Tenant management organisation

Last updated on 27 September 2017

A tenant management organisations (TMO) is an organisation set up under the UK Government's Housing (Right to Manage) Regulations 1994, which allow residents of council housing or housing association homes in the UK to take over responsibility for the running of their homes.[1]

Structure & operation

A TMO is created when residents (tenants and leaseholders) in a defined area of council or housing association homes create a corporate body and, typically, elect a management committee to run the body. This body then enters into a formal legal contract with the landlord of the home, known as the management agreement.[2]

The management agreement details precisely which services are managed by the TMO on behalf of the landlord. The extent of the devolution in service can vary enormously, particularly between small and large TMOs, but may typically include day-to-day repairs, allocations and lettings, tenancy management, cleaning and caretaking, and rent collection. The TMO's operations are mainly funded by the management fees payable by the landlord under the agreement.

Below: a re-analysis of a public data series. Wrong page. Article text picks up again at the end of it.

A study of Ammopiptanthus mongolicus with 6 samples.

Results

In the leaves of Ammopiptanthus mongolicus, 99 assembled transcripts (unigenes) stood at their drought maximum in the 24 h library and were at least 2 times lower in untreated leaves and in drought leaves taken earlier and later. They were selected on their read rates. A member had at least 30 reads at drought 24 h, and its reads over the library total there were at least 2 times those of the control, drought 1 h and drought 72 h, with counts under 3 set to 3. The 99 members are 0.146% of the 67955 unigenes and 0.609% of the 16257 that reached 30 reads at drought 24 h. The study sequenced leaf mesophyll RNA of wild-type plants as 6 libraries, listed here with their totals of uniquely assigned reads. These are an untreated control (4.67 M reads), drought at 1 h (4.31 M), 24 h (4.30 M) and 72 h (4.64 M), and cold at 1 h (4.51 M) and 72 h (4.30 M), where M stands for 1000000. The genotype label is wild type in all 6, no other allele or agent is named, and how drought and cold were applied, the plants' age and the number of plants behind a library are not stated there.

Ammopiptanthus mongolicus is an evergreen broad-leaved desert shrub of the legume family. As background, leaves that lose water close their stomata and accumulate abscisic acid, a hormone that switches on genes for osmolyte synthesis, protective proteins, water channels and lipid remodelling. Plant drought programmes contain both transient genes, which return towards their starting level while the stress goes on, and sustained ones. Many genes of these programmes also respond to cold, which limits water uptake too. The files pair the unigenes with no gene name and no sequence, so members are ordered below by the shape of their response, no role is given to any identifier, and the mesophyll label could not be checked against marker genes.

The TMO can take a number of legal forms. Registered TMOs may be a co-operative, or set up under corporate law.

Some 'guide TMOs' provide support to community groups interested in the concept (Friday Hill TMO and Millbank Estate TMO are two examples in London). The work of a TMO may touch and overlap with that of an Arms-length management organisation (ALMO).[3]

Examples of tenant management organisations in England

External links

References

  1. ^ "The Housing (Right to Manage) Regulations 1994". legislation.data.gov.uk. 7 March 1994. Retrieved 30 June 2017.
  2. ^ "What is a TMO?". National Federation of Tenant Management Organisations. Retrieved 16 March 2011.
  3. ^ NFA, NFTMO, CWAG (2009). Local Authority, ALMO and TMO relationships: A good practice guide (PDF). NFA, NFTMO, CWAG.